As with every large undertaking, there seem to always be lulls—times of inactivity that can be frustrating and concerning. It is at these times that temptations for doubt, fear, and second-guessing start to creep in. It often seems, at least for me, that when I stop being busy doing, the empty space is taken up with worrying.
But life is more than food, the body is more than clothes, and this adventure is more than a cash bottom line. If I truly believe that bringing Soccer Boy to our home for the summer is bigger than me—and I do—then why am I worried over details that are such a small piece of a larger journey?
So today, I will recount the faith building that is happening in this lull.
- In the last three months, 21 wonderful families have donated funds that equal almost $2000. This will cover my payments through April.
- I found out yesterday that there will be additional flight costs to get Soccer Boy from NYC to Pittsburgh. This above and beyond my original estimates. I’m guessing that this will be an additional $400-600?? But today, I got a check in the mail for $100. There is money for this, too. I don’t know where it is, but it will be here when I need it.
- People I don’t know well, who I don’t recall telling about Soccer Boy, have come up to me and told me that they are praying for us. There really is a community who sees a world wider than our own space. I am not alone.
And one last, longer faith-building moment: this past Tuesday, I got to speak at Little Man’s school during Chapel. It was such a special time. I was sort of dreading it, because I needed to speak in two 25-minute sessions, once for about 50 junior high and high school students, and then again for about 50 elementary students. How does one make things interesting for two such diverse groups?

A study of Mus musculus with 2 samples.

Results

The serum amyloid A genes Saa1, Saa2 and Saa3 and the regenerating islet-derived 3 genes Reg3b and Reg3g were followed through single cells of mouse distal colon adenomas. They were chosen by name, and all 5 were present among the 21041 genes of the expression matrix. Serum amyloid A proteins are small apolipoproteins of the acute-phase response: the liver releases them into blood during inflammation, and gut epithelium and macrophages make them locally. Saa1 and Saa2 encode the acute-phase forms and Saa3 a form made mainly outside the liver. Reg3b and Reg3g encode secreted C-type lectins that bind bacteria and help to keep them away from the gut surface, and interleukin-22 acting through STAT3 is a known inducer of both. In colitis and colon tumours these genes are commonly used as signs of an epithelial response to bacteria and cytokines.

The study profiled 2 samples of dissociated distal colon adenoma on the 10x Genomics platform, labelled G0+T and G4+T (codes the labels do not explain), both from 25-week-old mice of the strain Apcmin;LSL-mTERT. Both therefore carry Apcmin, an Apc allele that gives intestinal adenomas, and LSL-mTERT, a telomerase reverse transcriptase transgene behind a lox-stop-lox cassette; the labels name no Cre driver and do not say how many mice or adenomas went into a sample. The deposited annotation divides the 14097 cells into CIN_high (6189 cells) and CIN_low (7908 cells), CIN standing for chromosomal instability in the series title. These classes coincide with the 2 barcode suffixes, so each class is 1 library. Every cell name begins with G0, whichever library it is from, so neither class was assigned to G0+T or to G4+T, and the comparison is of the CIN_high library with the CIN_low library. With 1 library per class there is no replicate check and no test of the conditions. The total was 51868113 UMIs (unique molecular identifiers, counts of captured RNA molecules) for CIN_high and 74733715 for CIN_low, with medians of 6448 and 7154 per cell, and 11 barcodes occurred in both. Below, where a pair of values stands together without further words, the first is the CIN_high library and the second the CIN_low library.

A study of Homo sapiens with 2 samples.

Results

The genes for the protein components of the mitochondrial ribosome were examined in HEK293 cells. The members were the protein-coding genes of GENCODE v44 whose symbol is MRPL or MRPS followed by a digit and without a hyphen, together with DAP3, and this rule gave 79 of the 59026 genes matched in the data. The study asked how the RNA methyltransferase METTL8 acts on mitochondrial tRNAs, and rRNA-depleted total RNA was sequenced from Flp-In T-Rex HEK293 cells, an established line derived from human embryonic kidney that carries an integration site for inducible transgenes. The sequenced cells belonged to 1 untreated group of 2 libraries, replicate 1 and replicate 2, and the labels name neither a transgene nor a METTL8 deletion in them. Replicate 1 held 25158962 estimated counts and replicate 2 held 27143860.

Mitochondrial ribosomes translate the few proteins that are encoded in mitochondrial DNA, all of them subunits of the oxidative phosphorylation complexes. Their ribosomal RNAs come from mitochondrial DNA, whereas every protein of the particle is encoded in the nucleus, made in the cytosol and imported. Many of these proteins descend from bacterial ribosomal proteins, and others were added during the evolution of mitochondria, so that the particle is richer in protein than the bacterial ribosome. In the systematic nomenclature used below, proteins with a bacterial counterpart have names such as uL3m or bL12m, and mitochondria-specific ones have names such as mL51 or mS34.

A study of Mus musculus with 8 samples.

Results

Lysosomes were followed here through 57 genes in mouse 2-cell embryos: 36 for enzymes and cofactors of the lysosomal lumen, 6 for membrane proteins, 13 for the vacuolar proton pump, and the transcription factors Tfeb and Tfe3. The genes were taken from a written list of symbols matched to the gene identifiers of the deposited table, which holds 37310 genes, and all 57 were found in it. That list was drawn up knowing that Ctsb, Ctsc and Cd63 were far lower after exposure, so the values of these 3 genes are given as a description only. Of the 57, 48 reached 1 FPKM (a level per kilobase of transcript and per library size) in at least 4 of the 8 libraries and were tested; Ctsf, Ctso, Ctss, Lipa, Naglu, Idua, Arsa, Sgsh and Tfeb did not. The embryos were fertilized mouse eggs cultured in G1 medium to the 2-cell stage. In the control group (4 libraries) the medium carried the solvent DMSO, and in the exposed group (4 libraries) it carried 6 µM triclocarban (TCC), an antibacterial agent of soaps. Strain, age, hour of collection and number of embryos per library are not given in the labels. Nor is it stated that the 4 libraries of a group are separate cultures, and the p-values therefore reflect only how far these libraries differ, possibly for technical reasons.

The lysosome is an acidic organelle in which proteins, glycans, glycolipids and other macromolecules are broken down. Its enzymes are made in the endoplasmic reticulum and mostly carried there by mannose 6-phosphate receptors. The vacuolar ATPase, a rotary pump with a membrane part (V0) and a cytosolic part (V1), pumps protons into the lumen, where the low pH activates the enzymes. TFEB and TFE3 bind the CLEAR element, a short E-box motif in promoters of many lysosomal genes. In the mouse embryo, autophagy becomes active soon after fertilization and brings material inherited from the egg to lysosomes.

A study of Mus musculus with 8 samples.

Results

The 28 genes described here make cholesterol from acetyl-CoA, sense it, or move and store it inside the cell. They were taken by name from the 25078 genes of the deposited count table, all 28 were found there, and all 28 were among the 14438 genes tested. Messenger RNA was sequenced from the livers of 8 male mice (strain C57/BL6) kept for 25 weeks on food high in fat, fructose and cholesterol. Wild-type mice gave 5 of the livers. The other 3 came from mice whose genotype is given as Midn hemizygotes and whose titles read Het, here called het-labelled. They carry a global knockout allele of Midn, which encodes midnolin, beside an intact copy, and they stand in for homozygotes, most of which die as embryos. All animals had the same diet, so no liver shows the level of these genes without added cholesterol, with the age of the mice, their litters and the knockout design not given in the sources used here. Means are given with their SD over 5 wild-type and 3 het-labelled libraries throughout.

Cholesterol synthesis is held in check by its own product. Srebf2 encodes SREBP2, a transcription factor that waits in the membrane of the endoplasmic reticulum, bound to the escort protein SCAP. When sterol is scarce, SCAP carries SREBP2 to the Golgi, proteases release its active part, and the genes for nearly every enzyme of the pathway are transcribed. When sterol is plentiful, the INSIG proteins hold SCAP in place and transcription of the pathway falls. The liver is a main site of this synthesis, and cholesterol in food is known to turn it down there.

I ended up talking to the high schoolers about the statistics and hopelessness that these orphans feel. One sixteen year old came up and I “sent him on his way” out of school and into life—and I think they understood what a scary plight this is. Then I told them that if they were orphans, only 5 of them would survive until their 21st birthday. They seemed to really understand that this is important, that we can offer hope, whether it is in the form of adoption or English training or just being a friend in this big world.
For the younger kids, we talked a lot about how the orphans don’t have parents and teachers and pastors to tell them about Jesus. I told them that if they lived in Eastern Europe, only three of them would go to church. One girl said, “Well, how come they don’t play ‘pass it on’ and tell other people too?” and I told her that this was what we were trying to do—imagine if Soccer Boy hears about Christ, then goes home and tells his friends! We spent a lot of time talking about Soccer Boy and how we could show him our love. They were appalled to find out that a lot of orphans don’t have their own underwear! One boy offered to let us borrow his bike for the summer, and another said that we should make a list of things that he needed so they could collect them through the school (underwear was on there, of course).
I am amazed at the generosity of these people. Some are good friends, but others are simply people I know in passing. But with each step, we are together preparing to somehow affect the life of one little boy…which could in turn affect so many more. What an incredible thing. So I will sit in this lull and try not to worry. My turn for action will come soon. I will do my best to use this time to build my faith instead of my fear.